The Center City high-rise condo market may be soft these days, but Residences at Ritz-Carlton developer Craig Spencer won't let it get the better of his bottom line.
"I turned down a $1.3 million all-cash sale from a buyer who wanted me to cut the price by $50,000," Spencer said yesterday as he showed a visitor the 8,000-square-foot unfinished penthouse at the top of the 43-story, 270-unit building at 15th Street and South Penn Square.
Spencer told the bargain-hunting buyer that he "wasn't going to destroy the values we built into this project," which cost his Arden Group about $300 million.
"I knew that the minute he closed, he'd tell me not to do the same thing for anyone else," he said.
Prices for the one-, two-, and three-bedroom units range from the $500,000s to $12 million.
By contrast, the 40 condos at the Murano at 21st and Market Streets that will be auctioned June 27 start at $249,000, with prices averaging about 50 percent of what they were listed for originally.
On the day he formally dedicated his luxury high-rise, and gave city and Center City District officials a chance to describe plans for a $45-million revamping of Dilworth Plaza, overlooked by the Residences, Spencer acknowledged that 80 units had closed so far in a market that saw one-third fewer new condo sales in the first quarter of 2009 than in the 2008 period.
Spencer also says that he'll likely lose half of 37 pending agreements - "for a variety of reasons, including being unable to get a mortgage, and other things I cannot do anything about."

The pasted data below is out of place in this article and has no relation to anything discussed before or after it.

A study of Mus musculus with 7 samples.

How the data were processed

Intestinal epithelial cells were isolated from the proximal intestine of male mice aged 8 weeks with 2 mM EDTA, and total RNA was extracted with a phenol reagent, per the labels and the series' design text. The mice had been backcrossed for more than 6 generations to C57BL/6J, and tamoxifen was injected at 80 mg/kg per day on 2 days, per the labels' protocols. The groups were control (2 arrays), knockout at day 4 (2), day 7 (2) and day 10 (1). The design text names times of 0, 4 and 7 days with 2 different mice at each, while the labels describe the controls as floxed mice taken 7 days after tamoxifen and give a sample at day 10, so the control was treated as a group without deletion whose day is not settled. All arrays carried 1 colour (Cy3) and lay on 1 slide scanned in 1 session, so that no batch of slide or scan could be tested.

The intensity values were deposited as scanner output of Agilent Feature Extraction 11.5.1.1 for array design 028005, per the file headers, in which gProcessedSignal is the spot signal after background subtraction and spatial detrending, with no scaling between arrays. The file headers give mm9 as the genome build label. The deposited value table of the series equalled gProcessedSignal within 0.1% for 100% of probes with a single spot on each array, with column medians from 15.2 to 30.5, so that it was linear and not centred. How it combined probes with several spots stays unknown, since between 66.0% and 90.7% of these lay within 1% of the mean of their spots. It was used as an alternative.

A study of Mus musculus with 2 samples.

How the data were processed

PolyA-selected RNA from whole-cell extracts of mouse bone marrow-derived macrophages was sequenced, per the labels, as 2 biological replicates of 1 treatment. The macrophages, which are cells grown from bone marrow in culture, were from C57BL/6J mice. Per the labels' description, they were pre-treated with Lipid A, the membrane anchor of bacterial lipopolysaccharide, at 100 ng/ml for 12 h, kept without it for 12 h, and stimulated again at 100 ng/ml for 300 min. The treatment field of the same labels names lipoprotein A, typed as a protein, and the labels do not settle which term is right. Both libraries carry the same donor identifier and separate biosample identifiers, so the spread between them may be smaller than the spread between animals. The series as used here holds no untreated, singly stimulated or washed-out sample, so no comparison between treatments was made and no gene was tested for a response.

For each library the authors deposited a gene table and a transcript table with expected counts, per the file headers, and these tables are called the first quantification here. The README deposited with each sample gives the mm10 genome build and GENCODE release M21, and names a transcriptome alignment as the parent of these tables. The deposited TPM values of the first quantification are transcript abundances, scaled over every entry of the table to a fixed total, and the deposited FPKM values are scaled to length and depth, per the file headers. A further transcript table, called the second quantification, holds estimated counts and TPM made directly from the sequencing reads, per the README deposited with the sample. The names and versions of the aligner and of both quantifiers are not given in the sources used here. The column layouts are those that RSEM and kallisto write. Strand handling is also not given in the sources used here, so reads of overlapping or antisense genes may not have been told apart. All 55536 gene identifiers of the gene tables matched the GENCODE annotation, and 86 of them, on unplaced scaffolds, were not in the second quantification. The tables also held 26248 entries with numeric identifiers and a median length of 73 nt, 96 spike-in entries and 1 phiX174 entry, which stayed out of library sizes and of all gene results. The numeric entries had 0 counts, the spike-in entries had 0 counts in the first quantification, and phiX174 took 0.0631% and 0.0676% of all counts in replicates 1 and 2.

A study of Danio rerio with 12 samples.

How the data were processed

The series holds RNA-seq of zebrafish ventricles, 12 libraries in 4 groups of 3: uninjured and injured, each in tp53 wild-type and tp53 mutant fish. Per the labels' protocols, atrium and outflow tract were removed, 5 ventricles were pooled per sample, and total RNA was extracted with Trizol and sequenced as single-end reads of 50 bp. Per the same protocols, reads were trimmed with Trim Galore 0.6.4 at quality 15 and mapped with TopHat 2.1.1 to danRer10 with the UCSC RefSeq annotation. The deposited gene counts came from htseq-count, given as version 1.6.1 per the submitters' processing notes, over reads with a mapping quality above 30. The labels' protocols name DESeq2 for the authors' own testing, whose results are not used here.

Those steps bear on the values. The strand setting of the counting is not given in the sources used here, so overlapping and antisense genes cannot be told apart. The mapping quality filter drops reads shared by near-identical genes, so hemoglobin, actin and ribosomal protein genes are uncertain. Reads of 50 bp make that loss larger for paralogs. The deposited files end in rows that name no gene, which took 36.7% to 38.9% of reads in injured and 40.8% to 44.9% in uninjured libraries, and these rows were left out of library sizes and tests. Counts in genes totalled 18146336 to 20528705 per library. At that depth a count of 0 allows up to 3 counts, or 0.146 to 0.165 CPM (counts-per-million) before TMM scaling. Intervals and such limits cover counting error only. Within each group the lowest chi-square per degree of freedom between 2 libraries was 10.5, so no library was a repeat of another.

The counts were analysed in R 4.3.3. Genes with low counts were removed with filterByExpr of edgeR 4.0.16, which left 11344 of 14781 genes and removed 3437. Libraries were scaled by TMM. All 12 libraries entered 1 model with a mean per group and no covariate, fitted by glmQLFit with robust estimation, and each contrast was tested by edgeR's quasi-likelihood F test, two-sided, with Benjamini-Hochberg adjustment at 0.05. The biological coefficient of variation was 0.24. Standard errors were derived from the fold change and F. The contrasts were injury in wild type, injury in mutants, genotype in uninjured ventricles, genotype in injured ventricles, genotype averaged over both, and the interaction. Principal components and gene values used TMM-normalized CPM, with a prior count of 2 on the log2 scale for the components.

Yet, unlike other condo developers who need to get sales moving to avert significant financial problems, Spencer said he has five years to completely sell out the building, "and I expect to do it in less time than that," so he is unwilling to deal.
"It's just like this penthouse," Spencer said, looking around a huge space where, on the east deck, you come face to face with the signs on top of the PSFS and PNB buildings. "I've gotten several people looking, but they haven't been sincere."
"They ask for a discount, they get zero," Spencer said.
At the dedication ceremonies, Mayor Nutter recalled the events of Feb. 23, 1991, when fire ravaged One Meridian Plaza, the building that had previously occupied the site, killing three firefighters and injuring 24.
"To ensure that no one will ever forget what happened here, there will be a memorial near the entrance honoring those 27," Nutter said.
Spencer said Fire Department officials had designed the memorial, which will be dedicated in the fall.
The Dilworth Plaza project, in which Spencer, the state and city and the Center City District are participating, will replace the steps and walls with a lawn, and add a programmable fountain, a cafe with a Parkway view and metal and glass pavilions, said Nancy Goldenberg, the district's vice president.
As for the city's share of the project, Nutter said that, "as with many of our checks in these tough economic times, it is in the mail and you will be receiving it in the future."
Spencer smiled at Nutter.
"I'd be happy to send a courier for the check if it would make it easier," Spencer said.